US PCE PRICE INDEX KEY POINTS:
- June U.S. consumer spending advances 1.1% versus 0.9% expected. Personal income at 0.6% m-o-m, slight above expectations
- Core PCE, the Fed’s favorite inflation gauge, climbs 0.6% month-on-month and 4.8% from a year earlier, one tenth of a percent above forecasts
- Nasdaq 100 futures trim pre-market gains as traders on stubburnly high inflationary pressures
The U.S. Bureau of Economic Analysis released its latest report on personal consumption expenditures this morning. According to the agency, the June personal spending advanced 1.1% month-over-month versus the 0.9% expected – a sign that the American consumer remains resilient despite soaring consumer prices. Strong consumer spending at the end of the second quarter may help allay fears of a recession considering that household consumption is main driver of U.S. economic activity.
Elsewhere, the PCE Price Index, which measures costs that people living in the U.S. pay for a variety of different items, surged 1.0% month-over-month and 6.8% year-over-year, the highest level since 1982. Meanwhile, the core PCE indicator, the Federal Reserve’s preferred inflation gauge that excludes food and energy and is used to make monetary policy decisions, advanced 0.6% on a seasonally adjusted basis, bringing the annual reading to 4.8% from 4.7% in May, one tenth of a percet above expectations, signaling inflationary pressures are struggling to cool in the economy.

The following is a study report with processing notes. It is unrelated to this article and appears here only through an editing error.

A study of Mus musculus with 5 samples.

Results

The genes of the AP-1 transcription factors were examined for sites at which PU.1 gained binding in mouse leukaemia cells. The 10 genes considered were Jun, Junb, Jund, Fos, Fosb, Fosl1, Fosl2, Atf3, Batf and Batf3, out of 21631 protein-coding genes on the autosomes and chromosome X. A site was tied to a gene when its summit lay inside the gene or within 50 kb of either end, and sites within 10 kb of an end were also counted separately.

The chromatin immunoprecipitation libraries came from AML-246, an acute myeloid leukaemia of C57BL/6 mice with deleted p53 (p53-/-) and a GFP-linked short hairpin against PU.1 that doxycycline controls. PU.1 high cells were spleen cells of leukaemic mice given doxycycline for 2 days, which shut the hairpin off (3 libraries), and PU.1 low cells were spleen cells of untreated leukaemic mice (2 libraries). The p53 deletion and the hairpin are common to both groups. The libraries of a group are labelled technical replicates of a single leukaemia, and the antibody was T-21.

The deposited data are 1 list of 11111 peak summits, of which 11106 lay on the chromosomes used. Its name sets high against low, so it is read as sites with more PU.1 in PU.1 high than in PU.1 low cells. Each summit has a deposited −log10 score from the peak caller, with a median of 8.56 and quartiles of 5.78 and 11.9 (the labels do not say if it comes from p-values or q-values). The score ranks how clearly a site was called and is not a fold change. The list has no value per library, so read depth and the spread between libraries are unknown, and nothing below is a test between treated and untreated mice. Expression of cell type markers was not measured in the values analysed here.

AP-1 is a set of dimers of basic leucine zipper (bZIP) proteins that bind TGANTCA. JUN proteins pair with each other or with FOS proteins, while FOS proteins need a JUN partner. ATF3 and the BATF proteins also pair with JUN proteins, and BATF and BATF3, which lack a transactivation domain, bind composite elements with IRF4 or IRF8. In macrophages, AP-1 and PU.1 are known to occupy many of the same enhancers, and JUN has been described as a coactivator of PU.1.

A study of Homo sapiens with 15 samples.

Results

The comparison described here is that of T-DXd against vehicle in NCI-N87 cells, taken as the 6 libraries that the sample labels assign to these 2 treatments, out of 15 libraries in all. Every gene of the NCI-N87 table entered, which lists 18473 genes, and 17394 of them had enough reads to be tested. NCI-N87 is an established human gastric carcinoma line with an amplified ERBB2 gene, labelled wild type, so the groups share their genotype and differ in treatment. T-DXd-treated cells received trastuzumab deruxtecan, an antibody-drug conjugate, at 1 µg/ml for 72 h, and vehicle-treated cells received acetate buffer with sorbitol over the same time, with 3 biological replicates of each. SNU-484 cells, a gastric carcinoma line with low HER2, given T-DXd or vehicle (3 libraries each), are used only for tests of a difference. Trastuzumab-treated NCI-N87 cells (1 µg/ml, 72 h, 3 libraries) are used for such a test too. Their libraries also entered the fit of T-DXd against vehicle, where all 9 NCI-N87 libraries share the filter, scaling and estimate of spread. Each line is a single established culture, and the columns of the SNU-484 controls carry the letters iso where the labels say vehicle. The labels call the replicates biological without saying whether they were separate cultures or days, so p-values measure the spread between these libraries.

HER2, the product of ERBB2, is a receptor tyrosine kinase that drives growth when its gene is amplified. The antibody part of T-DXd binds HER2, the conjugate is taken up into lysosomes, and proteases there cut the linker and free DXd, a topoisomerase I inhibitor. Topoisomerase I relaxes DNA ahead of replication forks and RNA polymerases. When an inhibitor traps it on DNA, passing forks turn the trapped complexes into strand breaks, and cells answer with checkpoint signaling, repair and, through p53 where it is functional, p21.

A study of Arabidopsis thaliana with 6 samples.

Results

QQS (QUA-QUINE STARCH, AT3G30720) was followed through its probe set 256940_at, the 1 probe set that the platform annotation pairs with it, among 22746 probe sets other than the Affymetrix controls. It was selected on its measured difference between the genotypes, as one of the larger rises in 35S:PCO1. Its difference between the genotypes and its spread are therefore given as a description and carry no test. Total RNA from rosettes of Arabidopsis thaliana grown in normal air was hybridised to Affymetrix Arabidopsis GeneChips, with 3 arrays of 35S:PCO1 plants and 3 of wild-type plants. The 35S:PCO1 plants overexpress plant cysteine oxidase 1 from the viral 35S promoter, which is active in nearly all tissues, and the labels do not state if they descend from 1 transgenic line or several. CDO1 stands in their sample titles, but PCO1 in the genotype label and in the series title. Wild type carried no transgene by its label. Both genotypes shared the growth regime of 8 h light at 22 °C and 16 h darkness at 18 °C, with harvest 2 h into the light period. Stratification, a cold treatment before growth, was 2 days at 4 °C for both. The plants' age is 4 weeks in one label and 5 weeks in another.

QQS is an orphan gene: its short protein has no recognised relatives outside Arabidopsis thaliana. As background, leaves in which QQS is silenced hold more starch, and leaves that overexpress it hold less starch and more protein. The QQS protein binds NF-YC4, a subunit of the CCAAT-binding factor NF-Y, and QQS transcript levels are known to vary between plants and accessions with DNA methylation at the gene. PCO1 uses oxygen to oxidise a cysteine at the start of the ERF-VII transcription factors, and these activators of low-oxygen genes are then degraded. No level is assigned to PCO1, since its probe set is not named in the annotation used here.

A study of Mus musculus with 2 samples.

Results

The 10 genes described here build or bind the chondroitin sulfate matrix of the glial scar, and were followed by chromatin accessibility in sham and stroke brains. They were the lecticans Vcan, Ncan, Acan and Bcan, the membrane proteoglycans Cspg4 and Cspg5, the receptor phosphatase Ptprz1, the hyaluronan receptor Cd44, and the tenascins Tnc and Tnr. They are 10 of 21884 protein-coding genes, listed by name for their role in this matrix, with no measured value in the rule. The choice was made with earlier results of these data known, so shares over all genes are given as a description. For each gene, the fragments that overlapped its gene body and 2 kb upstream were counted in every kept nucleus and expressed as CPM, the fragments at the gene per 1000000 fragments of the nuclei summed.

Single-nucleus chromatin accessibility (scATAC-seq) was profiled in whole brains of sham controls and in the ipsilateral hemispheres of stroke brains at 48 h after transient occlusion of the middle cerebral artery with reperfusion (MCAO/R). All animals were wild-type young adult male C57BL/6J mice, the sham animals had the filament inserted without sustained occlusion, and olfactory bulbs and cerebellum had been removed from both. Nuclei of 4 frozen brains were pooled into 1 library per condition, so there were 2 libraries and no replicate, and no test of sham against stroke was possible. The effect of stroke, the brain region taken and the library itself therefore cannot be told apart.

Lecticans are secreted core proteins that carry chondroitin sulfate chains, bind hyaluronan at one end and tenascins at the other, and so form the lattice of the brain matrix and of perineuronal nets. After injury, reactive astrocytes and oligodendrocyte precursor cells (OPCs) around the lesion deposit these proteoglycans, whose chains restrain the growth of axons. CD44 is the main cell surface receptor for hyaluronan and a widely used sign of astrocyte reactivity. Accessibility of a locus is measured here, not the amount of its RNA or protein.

PCE REPORT DETAILS
Source: DailyFX Economic Calendar
Friday’s data was a mixed bag. Household spending grew at a strong pace in nominal terms, but the advance was mainly driven by rising prices. In any case, it is encouranging to see that the U.S. consumer remains healthy despite mounting challenges, including falling real income. This may help allay fears that that household consumption is about to collapse.
On the inflation front, there was no good news. The lack of directional improvement in the PCE index means that the Fed will have to continue raising rates in the coming months to slow demand in their effort to restore price stability. This suggests that a monetary policy pivot may not come until 2023, at the earliest.
Immediately after the personal consumption expenditures report crossed the wires, Nasdaq 100 futures contracts trimmed some pre-market gains as Treasury yields edged higher amid concerns that the U.S. central bank will not be able to slow the pace of interest rates hikes in an environment of strong inflationary forces. However, solid earnings from key technology companies, including Apple and Amazon, is offsetting the negative surprise on the macro front.
NASDAQ 100 FUTURES
Image and article originally from www.dailyfx.com. Read the original article here.